To reduce Centre’s tax cases, the finance ministry is contemplating a further increase in the monetary limit for filing the appeals in tax appellate tribunals, high courts and Supreme Court.
On August 22, finance ministry’s revenue department told the department of justice that “they have conducted a litigation conference and are also trying to increase the money limit further” for filing the appeals. The Department of Justice had called a meeting with various central government’s departments on the topic of “reducing government litigations” at August 22.
On December 25, 2015, the Central Board of Direct Taxes (CBDT) issued a circular increasing the monetary limits for filing appeals to Rs 10 lakh, Rs 20 lakh and Rs 25 lakh for ITAT (Income Tax Appellate Tribunal), High Courts and Supreme Court, respectively. Similarly, on December 30, 2016, the Central Board of Excise and Customs (CBEC) announced that it would not file appeals below the threshold limit of Rs Rs 10 lakh, Rs 20 lakh and Rs 25 lakh in CESTAT (Customs, Excise and Service Tax Appellate Tribunal), High Courts and Supreme Court, respectively. The CBEC and CBDT work under the revenue department of finance ministry.
According to the minutes of the August 22 meeting, the revenue department has “informed that after taking several measures during the last few months, pendency has gone down but the number of pending cases is still quite high … 6,357 cases are pending in the Supreme Court, about 38,500 cases in high courts and 94,000 cases in ITAT”. The finance ministry did not respond to the queries sent by The Indian Express.
The minutes of the meeting also state: “Increasing the monetary limit for filing appeals before ITAT, high courts and Supreme Court has resulted in appeals withdrawal to the tune of 17,031…They (revenue department) have also identified about 6,000 cases which are fit for withdrawal from high courts and CESTAT, out of these 5,480 cases have been withdrawn.”
While addressing the tax department officials of central government and various state governments at Rajasva Gyan Sangam at New Delhi on September 1, Prime Minister Narendra Modi expressed his dismay at the huge pendency of tax-related cases in adjudication and appeal. He said big sums of money that is locked up in these cases, could have been used for the welfare of the poor.
Earlier, terming central government as the biggest litigant, the Bombay High Court in July 2014 rebuked the income tax department stating that it ought to be aware of the pendency of cases in the high courts and should work towards reducing frivolous and speculative litigation, which involves public money that cannot be wasted in such litigation. Acknowledging the criticism faced from various courts over the quality of appeals filed, the income tax department had subsequently asked its officials to ensure that “frivolous appeals are not filed and where an appeal is filed, proper grounds of appeal or questions of law are framed”.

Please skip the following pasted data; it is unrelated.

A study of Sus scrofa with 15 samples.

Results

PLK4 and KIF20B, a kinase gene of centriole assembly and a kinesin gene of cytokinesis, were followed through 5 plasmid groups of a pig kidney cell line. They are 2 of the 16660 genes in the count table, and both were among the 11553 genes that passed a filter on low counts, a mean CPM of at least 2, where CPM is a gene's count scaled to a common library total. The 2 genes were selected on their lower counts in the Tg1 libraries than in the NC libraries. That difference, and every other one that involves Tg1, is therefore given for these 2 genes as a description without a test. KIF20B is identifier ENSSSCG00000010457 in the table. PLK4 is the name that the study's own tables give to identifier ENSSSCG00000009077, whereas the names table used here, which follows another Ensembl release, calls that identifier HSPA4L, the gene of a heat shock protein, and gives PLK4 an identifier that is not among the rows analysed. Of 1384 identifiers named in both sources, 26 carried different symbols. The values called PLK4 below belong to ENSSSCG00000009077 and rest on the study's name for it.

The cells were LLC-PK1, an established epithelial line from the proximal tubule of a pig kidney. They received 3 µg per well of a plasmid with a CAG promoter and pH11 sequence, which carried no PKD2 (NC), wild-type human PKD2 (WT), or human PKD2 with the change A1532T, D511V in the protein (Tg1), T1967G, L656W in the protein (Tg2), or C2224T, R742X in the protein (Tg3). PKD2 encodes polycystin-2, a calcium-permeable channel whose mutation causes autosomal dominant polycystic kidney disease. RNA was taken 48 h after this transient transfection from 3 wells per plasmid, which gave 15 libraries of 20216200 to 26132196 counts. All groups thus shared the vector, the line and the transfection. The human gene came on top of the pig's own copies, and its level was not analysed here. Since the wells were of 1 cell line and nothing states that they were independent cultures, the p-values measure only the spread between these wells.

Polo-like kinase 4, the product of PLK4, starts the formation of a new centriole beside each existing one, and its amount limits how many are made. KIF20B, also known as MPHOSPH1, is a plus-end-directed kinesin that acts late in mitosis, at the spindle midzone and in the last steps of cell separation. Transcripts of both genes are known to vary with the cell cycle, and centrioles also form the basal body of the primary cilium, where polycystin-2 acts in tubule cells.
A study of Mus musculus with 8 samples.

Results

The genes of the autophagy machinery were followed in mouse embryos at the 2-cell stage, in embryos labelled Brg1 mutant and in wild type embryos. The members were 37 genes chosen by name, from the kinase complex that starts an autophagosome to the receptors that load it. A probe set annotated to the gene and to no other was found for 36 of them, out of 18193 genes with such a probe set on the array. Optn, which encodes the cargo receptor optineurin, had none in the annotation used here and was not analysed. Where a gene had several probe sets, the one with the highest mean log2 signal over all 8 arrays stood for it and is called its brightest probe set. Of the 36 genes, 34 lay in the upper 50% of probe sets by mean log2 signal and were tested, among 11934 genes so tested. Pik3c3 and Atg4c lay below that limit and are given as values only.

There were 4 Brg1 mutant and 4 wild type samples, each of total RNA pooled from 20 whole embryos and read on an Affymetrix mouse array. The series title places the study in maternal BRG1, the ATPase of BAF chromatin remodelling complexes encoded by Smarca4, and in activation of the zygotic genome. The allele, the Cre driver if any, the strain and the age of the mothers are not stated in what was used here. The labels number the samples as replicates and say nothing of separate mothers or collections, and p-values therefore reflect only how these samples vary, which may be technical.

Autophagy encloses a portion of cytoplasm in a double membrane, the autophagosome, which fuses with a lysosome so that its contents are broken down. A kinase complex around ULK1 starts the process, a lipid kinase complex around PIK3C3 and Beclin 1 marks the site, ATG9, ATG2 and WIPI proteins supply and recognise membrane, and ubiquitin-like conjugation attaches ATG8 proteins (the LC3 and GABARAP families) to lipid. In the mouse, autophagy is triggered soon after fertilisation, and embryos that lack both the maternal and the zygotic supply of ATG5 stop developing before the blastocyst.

On June 5, 2017, the Department of Justice held the first meeting on the topic of reducing government litigations. Representatives from CBDT, CBEC as well as the Enforcement Directorate (ED) were present at the first meeting. At this meeting, the ED official stated that 2365 cases are being “examined” and they have sent a proposal to the revenue department to withdraw these cases.
According to the minutes of the June 5 meeting, the ED representative stated: “In cases of money laundering matters, special efforts are being taken to ensure that affidavits are filed on time and plea for early hearing is also being filed.”
On June 5, 2017, the CBDT representative stated: “For pending appeals, a two pronged approach” is being followed: Based on the methods adopted, 325 cases of Rs 100 crore and above were addressed and were disposed in the last 6-7 months. Further, 625 appeals which are pending in various courts/forums in the country have been identified and shall be addressed.”
According to the data collated by the income tax department, of the appeals filed by the department in ITAT, 52 per cent were decided against it in 2011-12, rising to 58 per cent in 2014-15. Similarly, in the Supreme Court, 39 per cent appeals were decided against the income tax department in 2011-12, rising to 43 per cent in 2014-15. In high court, the number of appeals decided against the income tax department stood at 59 per cent in the last fiscal vis-a-vis 63 per cent in 2011-12.
The CBEC representative stated at the June 5 meeting: “A limit of 70 cases has been decided by the Department for disposal by the commissioner of appeal per month. He also stated that a dedicated panel of experts in indirect tax matters comprising of Junior and Senior Standing Counsel has been constituted for representing the Department in High Courts. He stated that the Department is planning to formulate more policies for fixing monetary limits for comissioner of appeals on the same terms as those set for CESTAT.